The clock has started to tick for TikTok. President Biden signed a law today that gives the video streaming app a year to find a buyer or be banned nationwide. As NPR's Bobby Allyn reports, TikTok says it's planning to take the Biden administration to court to stop it.

BOBBY ALLYN, BYLINE: President Biden signed a bill today providing foreign aid to Ukraine and Israel and made no mention of what the bill also does - shuts down TikTok in the U.S. unless it is sold in 12 months. TikTok CEO Shou Zi Chew took to TikTok, naturally, to basically say, everyone needs to calm down. There won't be any disruption to the app, and TikTok is about to sue to try to block the law.


SHOU ZI CHEW: Rest assured, we aren't going anywhere. We are confident, and we will keep fighting for your rights in the courts.

ALLYN: Legal scholars say TikTok has a strong free speech case.

KATE RUANE: The First Amendment doesn't have a TikTok-shaped carve out.

ALLYN: That's lawyer Kate Ruane. She leads the Center for Democracy and Technologies Free Expression Project.

RUANE: This is the first time that Congress and the president have moved to ban access to a particular speech platform within the United States. It's pretty momentous. It's pretty extraordinary.

ALLYN: TikTokers didn't waste any time reacting either. Lauren Ashley Beck in Los Angeles linked the move to the president's courting of TikTok creators. She predicted a backlash in November.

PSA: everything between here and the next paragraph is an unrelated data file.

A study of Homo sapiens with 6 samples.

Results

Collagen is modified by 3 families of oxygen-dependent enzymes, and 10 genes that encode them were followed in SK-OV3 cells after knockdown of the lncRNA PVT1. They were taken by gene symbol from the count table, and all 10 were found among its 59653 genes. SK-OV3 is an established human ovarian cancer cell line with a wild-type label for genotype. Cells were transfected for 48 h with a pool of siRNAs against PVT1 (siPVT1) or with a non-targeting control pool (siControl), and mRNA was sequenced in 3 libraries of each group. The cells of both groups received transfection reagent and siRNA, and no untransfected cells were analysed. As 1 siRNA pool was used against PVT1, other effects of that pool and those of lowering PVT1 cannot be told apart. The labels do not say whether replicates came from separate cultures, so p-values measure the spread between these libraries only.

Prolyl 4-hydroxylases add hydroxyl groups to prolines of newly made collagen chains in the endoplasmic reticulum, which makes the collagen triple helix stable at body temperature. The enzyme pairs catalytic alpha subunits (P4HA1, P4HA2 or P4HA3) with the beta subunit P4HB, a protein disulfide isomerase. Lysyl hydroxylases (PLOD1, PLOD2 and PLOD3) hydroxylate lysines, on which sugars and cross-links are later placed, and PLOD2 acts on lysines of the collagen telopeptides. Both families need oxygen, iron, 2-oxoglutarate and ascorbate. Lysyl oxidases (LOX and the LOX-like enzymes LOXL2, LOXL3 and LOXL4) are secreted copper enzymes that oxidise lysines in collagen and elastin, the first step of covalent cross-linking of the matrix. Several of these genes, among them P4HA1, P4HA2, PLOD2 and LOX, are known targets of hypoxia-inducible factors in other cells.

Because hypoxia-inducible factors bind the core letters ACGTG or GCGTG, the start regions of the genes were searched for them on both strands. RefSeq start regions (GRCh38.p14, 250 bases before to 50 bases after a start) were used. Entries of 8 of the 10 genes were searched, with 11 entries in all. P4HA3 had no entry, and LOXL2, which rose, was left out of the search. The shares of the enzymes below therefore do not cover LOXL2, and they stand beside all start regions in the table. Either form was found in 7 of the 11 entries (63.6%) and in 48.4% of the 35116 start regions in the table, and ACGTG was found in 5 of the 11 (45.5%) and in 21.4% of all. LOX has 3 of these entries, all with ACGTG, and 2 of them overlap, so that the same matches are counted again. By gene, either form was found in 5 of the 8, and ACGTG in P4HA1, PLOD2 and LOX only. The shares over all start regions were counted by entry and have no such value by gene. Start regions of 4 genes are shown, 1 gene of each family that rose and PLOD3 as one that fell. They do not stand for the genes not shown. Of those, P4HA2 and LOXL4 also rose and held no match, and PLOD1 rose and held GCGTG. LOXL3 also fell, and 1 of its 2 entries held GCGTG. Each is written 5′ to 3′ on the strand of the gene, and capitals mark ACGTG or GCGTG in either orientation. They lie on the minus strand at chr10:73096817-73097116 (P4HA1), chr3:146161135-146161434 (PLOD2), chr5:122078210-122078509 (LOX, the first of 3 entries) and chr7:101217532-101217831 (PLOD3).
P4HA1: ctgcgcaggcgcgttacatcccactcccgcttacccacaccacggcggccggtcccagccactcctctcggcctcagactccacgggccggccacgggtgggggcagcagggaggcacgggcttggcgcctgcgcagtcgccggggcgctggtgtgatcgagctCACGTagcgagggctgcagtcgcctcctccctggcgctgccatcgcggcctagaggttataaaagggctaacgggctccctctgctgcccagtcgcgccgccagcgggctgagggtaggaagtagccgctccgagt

LAUREN ASHLEY BECK: Joe Biden signing a bill to ban the TikTok app, and in the same breath, his team is asking to partner with TikTok creators in order to secure votes for the next election. You lost.

ALLYN: TikTok is used by half of America. It's firmly engrained in both American culture and the country's economy. Morgan Sanner in Columbus, Ohio, says she makes a living off TikTok, giving out workplace and resume advice on the app.


MORGAN SANNER: So is the government going to pay me the income that I lose when they ban TikTok, or no? They're just going to ignore that part?

ALLYN: In New York City, TikToker Dutch de Carvalho says a ban is the latest thing the government can't get right.


DUTCH DE CARVALHO: Can we at least watch videos on an app of people doing fun things and learn about the world around us? No.

ALLYN: Officials in Washington say because TikTok is owned by a Chinese-based company, it could be used to spy on Americans or as a tool for spreading propaganda. While national security officials haven't provided any direct evidence of that, the Biden administration says the Chinese government isn't to be trusted, and the potential for harm is enough to force TikTok to sell or be banned. The app's fate will soon be with federal courts. Bobby Allyn, NPR News.

(SOUNDBITE OF LOLA YOUNG SONG, "CONCEITED" ) Transcript provided by NPR, Copyright NPR.

NPR transcripts are created on a rush deadline by an NPR contractor. This text may not be in its final form and may be updated or revised in the future. Accuracy and availability may vary. The authoritative record of NPR’s programming is the audio record.

Bobby Allyn is a business reporter at NPR based in San Francisco. He covers technology and how Silicon Valley's largest companies are transforming how we live and reshaping society.